The outcome of the Brexit referendum has caused substantial uncertainty among US businesses and IP owners. While the short-term issues should be minimal, as the Brexit vote will not take immediate effect, there is concern for the longer term as owners and counsel consider filing and enforcement strategies in both the United Kingdom and the European Union. More particularly, over the coming months US IP owners and counsel alike will be examining closely the implications for current UK brand extensions and future expansions, as well as for existing EU registrations that may be affected.
On June 23 2016 voters in a UK referendum elected to leave the European Union. A new prime minister, Theresa May, is already in place following David Cameron's resignation on losing the vote, but more consequences of the vote will be manifest during the lengthy process of exiting the European Union. May has indicated that the new government will not invoke Article 50 of the Lisbon Treaty in order to exit the European Union this year, as negotiations over the terms of the exit continue.
Clearly the United Kingdom's departure from the European Union will alter the UK and EU IP landscapes, but exactly what this will mean is uncertain. What is certain at this stage is that despite the referendum decision, the United Kingdom will remain a member of the European Union for several years while negotiations for the terms of its withdrawal take place and are completed.
With regard to patents, the European Patent Office (EPO) is unaffected. The European Patent Convention is not an EU agreement and the EPO is not an EU body. A number of countries outside the European Union – for example, Norway, Switzerland and Turkey – are EPO contracting states. Even after it leaves the European Union, the United Kingdom will remain an EPO contracting state.
However, UK participation in the EU Unified Patent Court (UPC) and the unitary patent is now in doubt. The UPC was due to come into effect in 2017, allowing, on grant of a European patent by the EPO, designation of a unitary patent covering up to 26 UPC countries from among the EU member states that join the UPC system, thus affording tremendous efficiency and cost savings to patent owners. The UPC would have jurisdiction over both unitary patents and properly validated European patents. As a result of the United Kingdom's decision to leave the European Union, the entry into force of the arrangements for the unitary patent and the UPC will undoubtedly be delayed.
Open questions are whether the United Kingdom will ratify the unitary patent and UPC system before leaving the European Union in order to allow the system to come into operation, or whether it will try to negotiate staying in the system as part of its exit from the European Union. For now, many US applicants considering filing a patent application for Europe are likely to stay with the tried-and-true EPO process with validation in the United Kingdom.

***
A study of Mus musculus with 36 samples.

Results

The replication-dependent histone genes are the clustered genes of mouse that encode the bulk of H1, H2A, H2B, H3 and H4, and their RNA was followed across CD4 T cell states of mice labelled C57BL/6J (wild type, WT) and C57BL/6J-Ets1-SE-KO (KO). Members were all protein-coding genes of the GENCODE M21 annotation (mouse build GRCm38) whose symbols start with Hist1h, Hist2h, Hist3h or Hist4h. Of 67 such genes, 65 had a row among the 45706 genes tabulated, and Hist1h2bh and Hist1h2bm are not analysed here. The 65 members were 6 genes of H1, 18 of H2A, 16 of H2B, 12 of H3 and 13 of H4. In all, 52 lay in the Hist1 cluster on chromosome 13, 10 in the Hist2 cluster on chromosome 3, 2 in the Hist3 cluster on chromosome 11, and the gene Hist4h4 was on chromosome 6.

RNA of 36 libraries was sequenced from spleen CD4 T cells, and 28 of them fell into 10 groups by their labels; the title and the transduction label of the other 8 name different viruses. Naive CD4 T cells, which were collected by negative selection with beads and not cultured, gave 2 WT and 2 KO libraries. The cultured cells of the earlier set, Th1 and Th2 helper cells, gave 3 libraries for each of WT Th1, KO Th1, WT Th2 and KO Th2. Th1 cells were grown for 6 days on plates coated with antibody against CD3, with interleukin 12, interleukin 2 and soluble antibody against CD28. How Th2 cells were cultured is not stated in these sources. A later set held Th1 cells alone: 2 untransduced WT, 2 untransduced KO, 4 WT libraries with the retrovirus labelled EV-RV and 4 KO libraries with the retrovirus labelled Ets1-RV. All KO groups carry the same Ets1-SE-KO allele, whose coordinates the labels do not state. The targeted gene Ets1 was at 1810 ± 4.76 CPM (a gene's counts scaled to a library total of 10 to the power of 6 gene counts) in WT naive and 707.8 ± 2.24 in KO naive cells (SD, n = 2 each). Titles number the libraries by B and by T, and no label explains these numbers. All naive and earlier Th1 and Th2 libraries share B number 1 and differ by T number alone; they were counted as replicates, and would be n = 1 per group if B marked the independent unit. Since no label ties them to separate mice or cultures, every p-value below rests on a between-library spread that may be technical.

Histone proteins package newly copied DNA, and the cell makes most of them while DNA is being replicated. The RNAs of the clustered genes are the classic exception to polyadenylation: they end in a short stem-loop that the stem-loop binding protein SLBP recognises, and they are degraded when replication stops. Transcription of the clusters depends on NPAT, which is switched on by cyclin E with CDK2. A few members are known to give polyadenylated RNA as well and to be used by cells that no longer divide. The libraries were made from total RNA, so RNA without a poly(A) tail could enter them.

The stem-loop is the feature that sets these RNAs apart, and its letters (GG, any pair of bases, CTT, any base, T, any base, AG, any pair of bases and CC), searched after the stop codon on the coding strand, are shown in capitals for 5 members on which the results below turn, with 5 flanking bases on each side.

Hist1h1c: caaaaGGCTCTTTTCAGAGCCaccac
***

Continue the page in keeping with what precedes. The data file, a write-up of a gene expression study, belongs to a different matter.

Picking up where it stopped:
Trademarks and designs
With regard to trademarks, despite the decision in the referendum, the United Kingdom will remain an EU member state for several years while negotiations for the terms of its withdrawal take place and are completed. During this period, it will continue to be possible to obtain EU registered trademarks and registered designs through the EU Intellectual Property Office (EUIPO, formerly the Office for Harmonisation in the Internal Market), and these will continue to cover the United Kingdom. Stakeholders have asked the UK government to make arrangements for EU trademarks, design registrations and other Community-wide rights to continue to have effect in the United Kingdom after the date of withdrawal from the European Union.
However, there is uncertainly as to what the newly process for re-designating EU trademark registrations and Community designs to UK national marks and designs will be. For example, it is unknown whether this process will be automatic or will require action by the registrant. While filing trademark applications with the EUIPO still is the main route for US businesses, many are considering filing a parallel trademark application in the United Kingdom as a prophylactic measure.
Micheline Kelly Johnson
This article first appeared in IAM. For further information please visit www.iam-media.com.